A Note From Marc Bourne: Now, more than ever, social media background checks are being used as a piece of the screening puzzle to determine the character of a candidate. Colleges, universities, private and public employers are all starting to see that there is a wealth of valuable information available about their applicants on the Internet.
The best thing about this information is that not only is it written in the applicant’s own words, but oftentimes there is photographic “evidence” of the debauchery as well. Yes, that’s right — you may be Facebooking, Tweeting, YouTubing and Instagramming your way right out of a job.
Well, there are some steps that you can take right now to make sure you don’t end up being your own worst enemy when a social media background check is done on you.
|Do an Online Search of Yourself|
Enter your name, usernames and email addresses into the most popular search engines, such as Google and Bing, to see what information is out there. If there are any old accounts or profiles that you don’t use anymore that are showing up, contact the provider to delete your account. For example, when you were young, you may have used MySpace or Friendster, but unless you have deleted those accounts, they will stay linked to you forever.
|Privacy Is Your Friend|
All social networking sites have privacy controls to allow your content to be shielded to the general public. Set all of your accounts to private and limit access to select friends only. A private employer or university most likely will not ask you for a username and password to access your private information. In fact, there are laws popping up around the country to make it illegal to ask for your log in information in an employment setting.
Don’t go on a spur of the moment rant about a customer, boss or co-workers. Don’t badmouth the company that you work for or its management style. New employers will see that and think that if you did that to a previous employer, at some point you will do it to them too.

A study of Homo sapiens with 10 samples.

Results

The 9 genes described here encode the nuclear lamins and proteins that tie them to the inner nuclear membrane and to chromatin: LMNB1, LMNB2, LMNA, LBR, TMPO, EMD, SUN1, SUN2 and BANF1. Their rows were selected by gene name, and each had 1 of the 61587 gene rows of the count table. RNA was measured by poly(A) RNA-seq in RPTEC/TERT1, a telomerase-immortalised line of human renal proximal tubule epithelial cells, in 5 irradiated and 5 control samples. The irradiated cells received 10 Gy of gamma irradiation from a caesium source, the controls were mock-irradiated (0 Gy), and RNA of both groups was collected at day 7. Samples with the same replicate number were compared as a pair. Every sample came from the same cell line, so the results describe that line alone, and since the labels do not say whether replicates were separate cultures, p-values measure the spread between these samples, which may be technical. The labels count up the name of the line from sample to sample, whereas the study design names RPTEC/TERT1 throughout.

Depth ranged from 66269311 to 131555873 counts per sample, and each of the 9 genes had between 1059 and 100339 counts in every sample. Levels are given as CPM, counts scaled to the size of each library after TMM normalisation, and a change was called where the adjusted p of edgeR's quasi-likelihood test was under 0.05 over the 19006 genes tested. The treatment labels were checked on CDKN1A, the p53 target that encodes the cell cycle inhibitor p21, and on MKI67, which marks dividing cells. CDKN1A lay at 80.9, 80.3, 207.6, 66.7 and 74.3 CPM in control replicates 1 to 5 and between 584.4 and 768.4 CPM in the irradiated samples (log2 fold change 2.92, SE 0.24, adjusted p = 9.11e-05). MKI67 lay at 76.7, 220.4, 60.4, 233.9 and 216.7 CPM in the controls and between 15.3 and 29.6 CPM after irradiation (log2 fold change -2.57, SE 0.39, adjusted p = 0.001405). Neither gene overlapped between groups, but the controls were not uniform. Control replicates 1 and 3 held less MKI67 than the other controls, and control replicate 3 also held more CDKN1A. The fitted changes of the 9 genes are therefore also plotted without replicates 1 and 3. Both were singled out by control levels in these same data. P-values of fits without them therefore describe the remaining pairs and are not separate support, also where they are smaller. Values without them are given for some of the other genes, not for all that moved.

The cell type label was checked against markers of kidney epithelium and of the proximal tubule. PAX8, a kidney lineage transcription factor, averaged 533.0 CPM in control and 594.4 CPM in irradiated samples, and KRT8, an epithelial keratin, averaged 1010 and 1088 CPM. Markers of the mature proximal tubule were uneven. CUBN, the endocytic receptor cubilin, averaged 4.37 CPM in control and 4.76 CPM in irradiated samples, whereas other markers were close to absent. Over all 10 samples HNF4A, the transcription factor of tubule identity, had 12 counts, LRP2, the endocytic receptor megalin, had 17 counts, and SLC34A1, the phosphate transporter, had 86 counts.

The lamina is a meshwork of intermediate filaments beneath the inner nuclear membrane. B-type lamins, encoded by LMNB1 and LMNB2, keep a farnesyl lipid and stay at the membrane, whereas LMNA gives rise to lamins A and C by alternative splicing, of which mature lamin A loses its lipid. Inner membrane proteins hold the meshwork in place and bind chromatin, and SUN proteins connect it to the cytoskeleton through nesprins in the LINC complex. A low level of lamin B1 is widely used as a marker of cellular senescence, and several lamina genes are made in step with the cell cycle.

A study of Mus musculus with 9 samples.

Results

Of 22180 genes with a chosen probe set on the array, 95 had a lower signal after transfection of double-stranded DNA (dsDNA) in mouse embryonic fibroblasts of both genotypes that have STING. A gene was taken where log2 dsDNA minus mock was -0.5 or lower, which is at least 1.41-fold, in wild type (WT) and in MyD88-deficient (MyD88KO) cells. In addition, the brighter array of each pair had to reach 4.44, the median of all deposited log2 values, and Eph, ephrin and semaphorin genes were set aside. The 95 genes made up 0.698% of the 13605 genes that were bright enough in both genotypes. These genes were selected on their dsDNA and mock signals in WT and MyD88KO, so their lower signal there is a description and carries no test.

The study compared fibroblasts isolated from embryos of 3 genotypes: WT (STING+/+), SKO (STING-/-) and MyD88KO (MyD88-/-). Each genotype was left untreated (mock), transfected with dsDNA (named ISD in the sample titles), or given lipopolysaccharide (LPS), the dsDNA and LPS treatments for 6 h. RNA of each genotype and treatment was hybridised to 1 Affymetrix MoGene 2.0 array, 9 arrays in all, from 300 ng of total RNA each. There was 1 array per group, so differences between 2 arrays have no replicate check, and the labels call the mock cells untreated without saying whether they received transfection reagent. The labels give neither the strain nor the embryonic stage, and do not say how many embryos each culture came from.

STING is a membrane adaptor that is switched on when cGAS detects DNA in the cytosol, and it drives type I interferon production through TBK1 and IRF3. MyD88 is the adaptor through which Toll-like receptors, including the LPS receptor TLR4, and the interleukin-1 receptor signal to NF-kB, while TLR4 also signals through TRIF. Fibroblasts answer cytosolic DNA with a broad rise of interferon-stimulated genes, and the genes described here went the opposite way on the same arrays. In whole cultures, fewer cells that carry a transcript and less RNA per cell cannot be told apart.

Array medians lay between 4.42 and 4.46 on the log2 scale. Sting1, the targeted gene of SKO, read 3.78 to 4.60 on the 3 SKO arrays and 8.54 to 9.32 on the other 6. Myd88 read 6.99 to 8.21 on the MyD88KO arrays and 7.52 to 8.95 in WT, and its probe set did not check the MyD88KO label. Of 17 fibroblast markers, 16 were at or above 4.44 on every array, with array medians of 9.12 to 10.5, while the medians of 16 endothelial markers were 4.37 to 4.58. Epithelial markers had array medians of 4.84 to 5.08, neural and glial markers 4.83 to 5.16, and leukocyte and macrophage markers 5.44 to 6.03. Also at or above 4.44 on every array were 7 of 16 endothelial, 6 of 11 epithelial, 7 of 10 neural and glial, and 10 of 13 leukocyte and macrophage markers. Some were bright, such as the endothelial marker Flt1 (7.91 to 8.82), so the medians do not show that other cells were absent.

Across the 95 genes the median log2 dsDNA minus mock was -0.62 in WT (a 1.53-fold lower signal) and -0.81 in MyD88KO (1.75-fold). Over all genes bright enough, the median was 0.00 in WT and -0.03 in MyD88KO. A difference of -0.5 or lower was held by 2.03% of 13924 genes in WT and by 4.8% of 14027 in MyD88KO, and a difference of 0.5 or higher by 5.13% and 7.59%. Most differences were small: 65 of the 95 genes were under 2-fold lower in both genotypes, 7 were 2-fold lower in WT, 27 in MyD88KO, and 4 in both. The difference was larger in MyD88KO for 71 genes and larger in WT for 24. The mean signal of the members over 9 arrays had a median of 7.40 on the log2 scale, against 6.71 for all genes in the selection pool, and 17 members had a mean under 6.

|Guilty by Association or WWGT?|
Remember “What Would Grandma Think?” before posting any of your photos online for all to see. This includes any photos that your friends may have “tagged” you in. If a tagged photo does pop up, immediately remove the tag and send a note to your friend asking your friend to remove the tag. Also, friends that post inappropriate things can be linked to you. Delete any people who do unsuitable things online or things that may call your morals and integrity into question.
|Don’t Mix Business and Personal Relationships|
Use Facebook, MySpace or other social networking sites for the personal part of your life. To keep in contact with your co-workers, bosses or other business contacts, use LinkedIn, which is made specifically for business networking, or other such business-oriented websites.
Your work and education history that you post online should match what you put on your paper resume. Inconsistencies can lead a company to believe that you are being deceptive.
The most important and best way to protect yourself from social media background checks is to promote yourself. Most employers and universities are looking for reasons to accept you, not pass over you, so put your best attributes out there for all to see. Post positive content such as promotions, accolades, awards, charity work. Make sure that when you post that content, you are making that specific post public. When someone does a search on you, all of your positive attributes will show up, making you a viable candidate.